There seems to be a great deal of confusion, misunderstanding, and even hostility regarding our gods and their divinity. Their roles, responsibilities, origins, even their very existence, is often questioned and debated with varying degrees of scholarship and civility in modern Heathenry. Much of the time, the simple fact of the matter is that many Heathens have a very poor understanding of the gods they claim to worship. Worse, they ascribe divinity to beings that are anything but divine.
This article, like all those in our series of articles posted on Real Heathenry, is not meant to be taken as a scholarly work on the subject. Nor is it intended to be presented as a definitive, unbiased, and unassailable secondary source. It is at its heart an opinion piece, the work of a few Heathens with some understanding of the subject matter and a desire to share their views with you, the public. Thus, reader beware! Some of what we say may very well anger you. That’s entirely your purview, not ours.
Throughout the sagas, songs, poetry, and art of the ancient Germanic tribes are wonderful tales of the fantastical beings that inhabit the world around us. Many of these beings exhibit godlike powers, exert influence over the world in godlike ways, and are offered sacrifice by their human adherents. They are, rightly, called ‘gods’. But within the stories are tales of OTHER beings, who also possess the same powers, knowledge, wisdom, and influence. Why, then, are these beings NOT called gods and thus do not receive sacrifice? A perplexing question, but one that becomes quickly and easily answerable when one considers things as much as possible from an arch-Heathen worldview.
The tribe is the center of all Heathen thought (or should be). As has been detailed quite extensively, both on this page as well as numerous other places, the Heathen tribal unit (the family and close blood kin as well as close friends) is what both binds and strengthens the individual. As such, all that the individual does should be with an eye towards propelling the family forward, enhancing its luck and fortunes for future generations. It is this belief that underscores the definition of godliness.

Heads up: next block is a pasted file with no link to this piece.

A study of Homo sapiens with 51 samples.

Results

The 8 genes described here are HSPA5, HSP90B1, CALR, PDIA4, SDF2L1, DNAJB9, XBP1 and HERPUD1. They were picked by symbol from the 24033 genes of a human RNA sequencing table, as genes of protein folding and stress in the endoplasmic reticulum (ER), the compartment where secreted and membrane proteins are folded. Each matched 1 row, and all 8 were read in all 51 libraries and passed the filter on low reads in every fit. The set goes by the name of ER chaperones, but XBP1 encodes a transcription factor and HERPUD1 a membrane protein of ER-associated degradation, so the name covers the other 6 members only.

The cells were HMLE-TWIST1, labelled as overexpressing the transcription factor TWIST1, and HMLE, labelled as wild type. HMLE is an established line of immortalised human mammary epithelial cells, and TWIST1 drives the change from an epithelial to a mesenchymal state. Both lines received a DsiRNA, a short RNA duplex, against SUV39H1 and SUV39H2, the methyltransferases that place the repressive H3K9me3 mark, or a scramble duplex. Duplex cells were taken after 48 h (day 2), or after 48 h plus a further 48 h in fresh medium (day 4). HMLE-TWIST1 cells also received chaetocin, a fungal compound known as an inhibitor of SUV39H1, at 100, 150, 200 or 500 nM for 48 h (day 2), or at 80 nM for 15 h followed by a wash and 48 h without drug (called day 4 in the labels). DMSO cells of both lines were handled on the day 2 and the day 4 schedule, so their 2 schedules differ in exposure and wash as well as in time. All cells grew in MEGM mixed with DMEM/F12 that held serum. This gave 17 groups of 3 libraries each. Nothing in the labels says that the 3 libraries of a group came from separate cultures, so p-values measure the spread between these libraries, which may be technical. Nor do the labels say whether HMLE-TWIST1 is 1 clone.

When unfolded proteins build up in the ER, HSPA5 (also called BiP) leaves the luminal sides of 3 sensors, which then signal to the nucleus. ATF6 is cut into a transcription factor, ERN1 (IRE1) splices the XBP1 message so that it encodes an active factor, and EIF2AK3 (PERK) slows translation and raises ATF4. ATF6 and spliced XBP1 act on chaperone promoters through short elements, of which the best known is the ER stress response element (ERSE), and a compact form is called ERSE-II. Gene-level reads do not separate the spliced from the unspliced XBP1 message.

Simply put, a god is a powerful, unseen being, possessing all the godly attributes and powers you would expect, whose actions are of benefit to their tribe. They do things not for selfish reasons (or not purely), but because their actions will have a positive impact upon their inner-yard. Sometimes those actions may be considered ‘dishonorable’ by mere humans, even if we benefit from the act. Odin’s theft of the mead of poetry is often trotted out as an example of this. But, and here is where many modern Heathens have difficulty, Odin’s actions were in no way dishonorable towards his own tribe. He tricked his enemies to the betterment of his own people. This was the very definition of an honorable act, especially in that he managed to do so without spilling any blood himself (the nine slaves killed each other off, he merely offered to sell them a whetstone).
The giants, on the other hand, while possessing great power and wisdom, act purely out of selfish motive. At most, their beneficence extends to their immediate family (and not even that far, much of the time). They have no tribe, no inner-yard, no web of gifting and reciprocity. They rule their territories by fear and might alone. While some individuals may exhibit ‘honorable’ tendencies, or even be considered at least neutral towards the tribes of gods, because they do not further their tribal strength they are not counted as gods.
Basically, and as succinctly as possible: Gods act to the benefit of their tribe. Giants either act purely from selfish motive, or simply do not have any tribe at all.
This, of course, explains how giants may come to be counted among the gods. Skadhi was adopted into the tribe, and through her right actions and strengthening of her bonds, continues to be counted a god. This is why Loki can no longer be considered a god. He was ejected from the tribe after numerous crimes committed against his own kin, up to the final kin-slaying which led to his exile. He still possesses all his godly powers (or would, were he not bound to a rock) and knowledge, but due to his discommendation he is no longer part of the tribe and thus not a god; he is merely “godlike.”
There may also be local, tribal, and traveling gods and humans with godlike powers after death. It is known that sacrifice was given to particularly potent or successful lords and chieftains throughout Europe, in the belief that they could still exert beneficial influence over their district from their grave-howe. But these are matters which deserve their own examination and will be covered in future articles.